Ad industry to escape Bailey’s wrath on kids marketing

A Government commissioned review of marketing’s role in the sexualisation of children will not call for a change to the self-regulatory approach to advertising.


The ad industry had feared that the report, authored by Mother’s Union chief executive Reg Bailey, would call for statutory regulation of marketing to curb what campaigners describe as the commercialisation of childhood.

It is understood, however, that the report will not insist on sweeping changes to the current setup, which sees the Advertising Standards Authority rule on ad codes set by the Committee of Advertising Practice.

Bailey will instead call for a crackdown on retailers selling inappropriate clothing to children and the portrayal of kids in the media.

A review was called for by the Department for Education in December following the Government’s vow to tackle the issue set out in the coalition agreement.

Both Nick Clegg and David Cameron have been vocal in condemning “irresponsible” marketing before and since taking office.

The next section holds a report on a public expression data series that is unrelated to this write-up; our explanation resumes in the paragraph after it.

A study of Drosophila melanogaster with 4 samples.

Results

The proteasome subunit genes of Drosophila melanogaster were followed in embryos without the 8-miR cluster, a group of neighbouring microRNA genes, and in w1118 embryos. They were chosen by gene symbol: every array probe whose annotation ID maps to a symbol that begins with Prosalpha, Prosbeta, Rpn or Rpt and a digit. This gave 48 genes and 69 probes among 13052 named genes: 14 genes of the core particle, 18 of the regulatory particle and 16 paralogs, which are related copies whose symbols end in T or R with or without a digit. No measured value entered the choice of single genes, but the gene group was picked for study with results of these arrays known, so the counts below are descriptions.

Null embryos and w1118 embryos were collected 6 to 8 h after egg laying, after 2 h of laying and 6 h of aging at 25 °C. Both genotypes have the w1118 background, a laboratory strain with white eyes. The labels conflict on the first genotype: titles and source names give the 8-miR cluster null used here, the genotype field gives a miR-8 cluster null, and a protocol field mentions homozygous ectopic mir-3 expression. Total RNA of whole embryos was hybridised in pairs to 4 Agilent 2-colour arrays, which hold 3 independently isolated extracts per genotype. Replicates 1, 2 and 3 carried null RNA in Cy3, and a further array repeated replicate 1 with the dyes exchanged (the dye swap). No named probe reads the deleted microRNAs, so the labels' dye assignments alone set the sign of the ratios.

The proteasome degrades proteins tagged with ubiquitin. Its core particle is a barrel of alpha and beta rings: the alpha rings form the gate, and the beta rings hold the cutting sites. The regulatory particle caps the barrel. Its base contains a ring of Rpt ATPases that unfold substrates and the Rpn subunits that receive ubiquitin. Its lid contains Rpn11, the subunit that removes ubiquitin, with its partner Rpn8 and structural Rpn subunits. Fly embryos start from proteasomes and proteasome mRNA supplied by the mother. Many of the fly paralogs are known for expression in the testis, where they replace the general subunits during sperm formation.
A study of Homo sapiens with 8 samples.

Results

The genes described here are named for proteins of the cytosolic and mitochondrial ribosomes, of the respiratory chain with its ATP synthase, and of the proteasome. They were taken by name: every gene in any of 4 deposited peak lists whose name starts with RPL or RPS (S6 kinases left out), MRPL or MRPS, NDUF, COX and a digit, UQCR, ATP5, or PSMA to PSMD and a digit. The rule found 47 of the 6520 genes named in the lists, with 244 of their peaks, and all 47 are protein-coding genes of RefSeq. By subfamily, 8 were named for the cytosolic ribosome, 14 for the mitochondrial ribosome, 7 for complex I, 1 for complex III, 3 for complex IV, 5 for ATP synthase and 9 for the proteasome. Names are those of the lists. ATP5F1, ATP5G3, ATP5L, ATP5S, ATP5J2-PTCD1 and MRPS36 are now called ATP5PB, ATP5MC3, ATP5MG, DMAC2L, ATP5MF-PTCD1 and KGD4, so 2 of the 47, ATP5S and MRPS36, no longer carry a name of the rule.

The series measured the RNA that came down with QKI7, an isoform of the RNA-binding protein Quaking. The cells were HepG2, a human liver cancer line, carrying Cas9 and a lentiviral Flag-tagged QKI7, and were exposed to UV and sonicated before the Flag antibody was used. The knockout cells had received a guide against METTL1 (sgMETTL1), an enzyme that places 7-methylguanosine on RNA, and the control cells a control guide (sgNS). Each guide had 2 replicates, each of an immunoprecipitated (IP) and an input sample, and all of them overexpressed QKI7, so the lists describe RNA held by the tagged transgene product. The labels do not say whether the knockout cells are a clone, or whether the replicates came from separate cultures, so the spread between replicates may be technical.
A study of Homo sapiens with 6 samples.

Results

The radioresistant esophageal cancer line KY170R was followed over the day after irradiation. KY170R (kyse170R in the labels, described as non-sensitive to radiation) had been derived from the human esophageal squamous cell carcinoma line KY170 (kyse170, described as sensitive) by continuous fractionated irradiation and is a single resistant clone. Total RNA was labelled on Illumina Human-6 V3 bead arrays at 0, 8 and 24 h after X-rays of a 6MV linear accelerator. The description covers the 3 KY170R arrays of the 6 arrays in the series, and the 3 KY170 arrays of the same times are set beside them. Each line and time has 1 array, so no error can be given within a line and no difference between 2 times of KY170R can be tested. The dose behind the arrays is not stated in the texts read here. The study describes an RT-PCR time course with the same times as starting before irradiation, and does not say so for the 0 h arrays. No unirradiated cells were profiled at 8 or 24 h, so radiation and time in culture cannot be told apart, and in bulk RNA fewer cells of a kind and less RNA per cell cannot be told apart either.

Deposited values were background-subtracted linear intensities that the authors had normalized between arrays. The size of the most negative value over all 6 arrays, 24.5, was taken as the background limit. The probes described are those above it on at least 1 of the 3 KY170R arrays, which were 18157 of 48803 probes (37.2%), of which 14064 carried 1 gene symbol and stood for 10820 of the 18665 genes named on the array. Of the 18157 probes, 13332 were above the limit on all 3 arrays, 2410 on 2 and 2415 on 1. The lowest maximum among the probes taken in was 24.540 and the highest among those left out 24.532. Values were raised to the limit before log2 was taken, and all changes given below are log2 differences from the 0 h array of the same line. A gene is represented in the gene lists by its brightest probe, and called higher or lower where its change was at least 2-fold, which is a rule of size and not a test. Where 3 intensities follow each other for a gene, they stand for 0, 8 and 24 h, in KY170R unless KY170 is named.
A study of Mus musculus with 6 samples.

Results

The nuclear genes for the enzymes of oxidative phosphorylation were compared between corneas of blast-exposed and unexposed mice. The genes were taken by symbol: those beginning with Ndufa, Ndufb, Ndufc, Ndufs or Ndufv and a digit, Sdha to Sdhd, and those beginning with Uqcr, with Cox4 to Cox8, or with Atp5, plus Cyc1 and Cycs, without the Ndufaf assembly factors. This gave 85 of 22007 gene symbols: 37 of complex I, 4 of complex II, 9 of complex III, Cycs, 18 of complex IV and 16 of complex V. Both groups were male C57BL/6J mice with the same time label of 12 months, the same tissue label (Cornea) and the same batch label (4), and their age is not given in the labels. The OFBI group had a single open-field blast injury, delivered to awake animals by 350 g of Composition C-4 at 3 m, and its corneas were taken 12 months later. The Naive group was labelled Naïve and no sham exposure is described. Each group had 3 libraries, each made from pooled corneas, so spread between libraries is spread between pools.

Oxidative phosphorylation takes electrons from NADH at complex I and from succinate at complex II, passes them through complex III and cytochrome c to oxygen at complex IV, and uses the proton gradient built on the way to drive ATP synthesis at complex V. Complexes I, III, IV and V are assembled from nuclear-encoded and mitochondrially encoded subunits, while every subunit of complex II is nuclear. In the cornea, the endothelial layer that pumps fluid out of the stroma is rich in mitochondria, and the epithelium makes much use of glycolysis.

It is understood that Bailey pulled away from recommending more stringent controls on advertising after meeting with ASA executives and hearing evidence from the Advertising Association.

Despite escaping criticism, the AA has moved to setup a panel made up of “experts” – advertisers, media owners and academics” that will aim to ensure, for example, that rules aimed at protecting children from irresponsible ads and peer to peer marketing online are robust.

The AA is hoping that the panel will receive the backing of the DfE and Bailey. A chair will be announced shortly.

A spokesman for the Department for Education would not speculate on the content of the review. “We look forward to receiving the report”, he adds.

Bailey’s recommendations are expected later this month.